Case Study 2

Joe

“Joe” is a 9 year old boy with Autism who has a history of misdiagnosis and a family history of ADHD. When Joe was 2 1/2 years of age, his mother was told that he was deaf and was advised to take her son for tubes in his ears. A Special Education psychologist informed his parents that Joe was retarded.

 CONDITION
 In Special Education Classes
 OCD Behavior, Paced the office in circles
 Eneuresis (Bedwetting)
 Hyperactive
 Allergies
 Nonverbal, in Speech Therapy for six years.
 Family History: Mother denied any trauma during pregnancy or Joe’s birth; Father suspected of having ADHD; Sister, age 11, has been assessed with ADHD; No family history of drugs or substance abuse.
 Medication: Imprimine (for bedwetting); Luvox, 25 mg. 2x a day; Dexadrine, 10 mg 1x a day

 PROTOCOL

EEG biofeedback training began with C4 SMR (12-15 Hz) for only 15 minutes each session. (Joe could not sit still any longer), four times a week for three weeks.

Pediatrician discovered irregular heart beats and placed Joe on heart monitor. He was taken off imipramine at which time he stopped his bedwetting habit.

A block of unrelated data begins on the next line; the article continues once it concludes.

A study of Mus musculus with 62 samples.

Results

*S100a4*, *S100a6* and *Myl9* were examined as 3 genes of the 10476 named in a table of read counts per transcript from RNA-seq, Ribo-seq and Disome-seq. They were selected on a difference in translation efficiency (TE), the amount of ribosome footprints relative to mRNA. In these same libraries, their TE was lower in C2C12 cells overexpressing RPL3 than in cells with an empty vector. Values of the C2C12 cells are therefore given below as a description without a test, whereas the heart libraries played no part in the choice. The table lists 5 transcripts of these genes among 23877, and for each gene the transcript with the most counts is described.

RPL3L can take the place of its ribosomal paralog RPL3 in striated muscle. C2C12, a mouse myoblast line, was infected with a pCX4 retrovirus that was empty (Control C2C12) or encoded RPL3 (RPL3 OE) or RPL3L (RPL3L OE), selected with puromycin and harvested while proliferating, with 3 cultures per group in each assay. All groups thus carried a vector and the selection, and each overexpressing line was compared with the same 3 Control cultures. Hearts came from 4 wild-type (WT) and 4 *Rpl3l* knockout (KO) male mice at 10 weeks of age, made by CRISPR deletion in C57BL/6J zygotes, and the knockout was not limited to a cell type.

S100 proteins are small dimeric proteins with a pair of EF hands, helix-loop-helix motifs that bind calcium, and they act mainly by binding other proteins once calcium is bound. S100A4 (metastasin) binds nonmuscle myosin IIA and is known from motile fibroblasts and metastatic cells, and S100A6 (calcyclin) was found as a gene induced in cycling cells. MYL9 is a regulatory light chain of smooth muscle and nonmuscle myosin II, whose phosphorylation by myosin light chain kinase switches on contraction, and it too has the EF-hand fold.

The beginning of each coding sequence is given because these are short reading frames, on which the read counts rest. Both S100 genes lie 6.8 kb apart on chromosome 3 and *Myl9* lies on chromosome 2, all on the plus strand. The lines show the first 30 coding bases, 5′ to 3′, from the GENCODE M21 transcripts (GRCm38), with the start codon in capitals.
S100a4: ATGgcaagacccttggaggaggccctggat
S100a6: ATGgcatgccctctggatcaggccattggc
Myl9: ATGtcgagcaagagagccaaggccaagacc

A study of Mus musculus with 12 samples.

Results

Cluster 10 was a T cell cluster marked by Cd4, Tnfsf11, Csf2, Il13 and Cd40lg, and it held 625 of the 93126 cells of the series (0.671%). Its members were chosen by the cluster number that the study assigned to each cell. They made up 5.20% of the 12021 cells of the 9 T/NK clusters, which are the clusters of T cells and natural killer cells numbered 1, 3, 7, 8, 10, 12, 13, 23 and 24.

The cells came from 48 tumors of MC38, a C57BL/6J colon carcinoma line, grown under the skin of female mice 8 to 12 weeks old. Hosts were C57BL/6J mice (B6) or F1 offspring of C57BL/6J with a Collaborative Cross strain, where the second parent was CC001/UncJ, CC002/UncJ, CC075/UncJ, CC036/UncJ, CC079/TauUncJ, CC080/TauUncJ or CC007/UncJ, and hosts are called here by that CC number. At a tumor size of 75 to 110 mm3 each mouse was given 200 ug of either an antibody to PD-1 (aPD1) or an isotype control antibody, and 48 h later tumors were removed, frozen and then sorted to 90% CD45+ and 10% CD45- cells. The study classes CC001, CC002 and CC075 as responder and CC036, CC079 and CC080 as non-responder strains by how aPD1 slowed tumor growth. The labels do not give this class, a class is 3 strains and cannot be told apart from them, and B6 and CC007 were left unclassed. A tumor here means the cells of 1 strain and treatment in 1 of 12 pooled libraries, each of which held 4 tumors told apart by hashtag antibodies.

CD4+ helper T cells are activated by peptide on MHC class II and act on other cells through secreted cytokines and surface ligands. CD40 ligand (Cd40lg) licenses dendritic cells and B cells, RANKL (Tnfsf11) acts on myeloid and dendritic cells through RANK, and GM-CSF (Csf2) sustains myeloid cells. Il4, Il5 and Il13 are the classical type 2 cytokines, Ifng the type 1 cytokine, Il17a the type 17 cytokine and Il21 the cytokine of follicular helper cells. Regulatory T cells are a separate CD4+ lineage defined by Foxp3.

By the fourth week, Joe could sit still long enough to undergo 30 minutes of C4 SMR (12-15 Hz) each session, twice a week. At this time he began to calm and exhibited no OCD behaviors or pacing.

By the seventh week, training was divided into C3 Beta (15.5 Hz) for 15 minutes, followed by C4 SMR (12-15 Hz), twice a week for three weeks. (At this time, Joe began to call my name and started saying, “Hi” when he came in the office.) His speech therapist wanted to know what the family was doing because the therapist had tested him and his speech had improved at a level of two years growth within the six months.

Protocol changed to P3 Beta (15-18Hz) for 10 minutes, C3 Beta (15-18 Hz) , 10 minutes and then ended each session with C4 SMR (12-14 Hz) for 10 minutes for six weeks. At this time Joe began talking in sentences.

Presently continuing with C3 Beta and C4 SMR one to two times per week.

 OUTCOME
Joe is surpassing his peers in school. He is reading, counting, and adding in 5’s and 10’s. This week, he told me, “I’m tired of this computer stuff.” Recently, this therapist told “Joe” to watch the volcano explode. He quickly replied, “Volcanos don’t explode. They erupt.”